Former Sen. Paul Simon’s pack rat tendencies have allowed the university to house an extensive collection of artifacts from his life.
Friends and family of Simon and faculty and staff at the university honored him with the dedication of the Senator Paul Simon Papers into the Special Collections Research Center Sunday at Morris Library.
Simon served in Illinois as a journalist, professor and politician. He held government positions as a state representative, state senator and lieutenant governor. Simon was known for his influences on passing bills for education and jobs, as well as his campaign for the 1987 Democratic nomination for president.
Sheila Simon, Simon’s daughter, said her father saved everything in his life and that’s why his congressional papers, photographs, personal library and artifacts fill up a significant part of the collections center.
“His way of getting rid of the newspaper was to take what he read in the front seat of his car and throw it in the back seat,” Sheila Simon said.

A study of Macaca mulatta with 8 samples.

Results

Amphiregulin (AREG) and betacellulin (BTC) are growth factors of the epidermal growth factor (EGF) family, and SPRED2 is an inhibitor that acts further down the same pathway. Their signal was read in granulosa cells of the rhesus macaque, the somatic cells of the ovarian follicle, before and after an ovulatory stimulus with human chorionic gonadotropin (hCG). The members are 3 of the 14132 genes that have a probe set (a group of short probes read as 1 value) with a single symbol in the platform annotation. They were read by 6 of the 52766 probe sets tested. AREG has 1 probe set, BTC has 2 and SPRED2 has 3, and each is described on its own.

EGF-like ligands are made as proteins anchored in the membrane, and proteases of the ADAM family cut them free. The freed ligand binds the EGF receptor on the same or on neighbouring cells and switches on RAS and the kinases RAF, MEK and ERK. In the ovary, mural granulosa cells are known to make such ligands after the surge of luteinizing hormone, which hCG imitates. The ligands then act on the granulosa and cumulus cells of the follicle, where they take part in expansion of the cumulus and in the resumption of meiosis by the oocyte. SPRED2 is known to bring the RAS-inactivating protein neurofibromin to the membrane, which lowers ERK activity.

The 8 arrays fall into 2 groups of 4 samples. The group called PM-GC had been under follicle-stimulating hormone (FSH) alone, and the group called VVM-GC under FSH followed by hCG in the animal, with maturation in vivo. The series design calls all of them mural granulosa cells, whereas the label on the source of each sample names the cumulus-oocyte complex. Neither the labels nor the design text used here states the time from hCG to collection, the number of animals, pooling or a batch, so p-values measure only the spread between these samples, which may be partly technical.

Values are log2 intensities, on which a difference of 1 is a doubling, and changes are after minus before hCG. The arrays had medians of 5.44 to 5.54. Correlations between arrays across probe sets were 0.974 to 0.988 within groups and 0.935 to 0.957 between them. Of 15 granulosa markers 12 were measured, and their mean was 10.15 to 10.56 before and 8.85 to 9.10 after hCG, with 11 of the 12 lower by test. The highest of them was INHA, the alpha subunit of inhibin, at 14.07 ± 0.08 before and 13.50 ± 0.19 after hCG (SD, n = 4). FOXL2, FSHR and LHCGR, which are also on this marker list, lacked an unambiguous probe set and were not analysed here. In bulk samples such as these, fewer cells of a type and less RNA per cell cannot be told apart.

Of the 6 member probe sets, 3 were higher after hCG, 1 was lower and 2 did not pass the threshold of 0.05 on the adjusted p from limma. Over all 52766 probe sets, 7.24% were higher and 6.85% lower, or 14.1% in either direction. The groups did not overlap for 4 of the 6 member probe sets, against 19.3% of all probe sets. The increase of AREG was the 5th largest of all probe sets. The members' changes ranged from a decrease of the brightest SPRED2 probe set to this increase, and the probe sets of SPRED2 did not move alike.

She said the collection is much more significant because of her father’s “pack ratting nature.”
“There is a lot of positive information to share,” Sheila Simon said. “What a fun thing to have: Dad’s papers available to everyone.”
Paul Simon’s papers reach 1,200 linear feet, which is almost twice as tall as the St. Louis Arch.
Walter Ray, political papers archivist, said he worked on compiling the papers for more than three years.
“I got to know (Paul Simon) through his papers,” Ray said. “It’s exciting that its now usable for students and researchers.”
The papers will also be part of a traveling exhibit throughout Illinois to Chicago, Troy and Benton.
David Yepsen, director of the Paul Simon Public Policy Institute, said the papers have served as a bookend, or a support system, for the institute and he’s excited about the dedication of the papers to the public.
“I think people need the values of Paul Simon now more than ever,” Yepsen said.
Chancellor Sam Goldman said Simon wouldn’t have liked all the fuss the university is making about him, but would appreciate the university’s effort to honor his successes.
“I think he would have liked to be remembered for what he has accomplished,” Goldman said. “We’re very proud to remember him as a part of SIU.”
Erin Holcomb can be reached at 536-3311 ext. 255.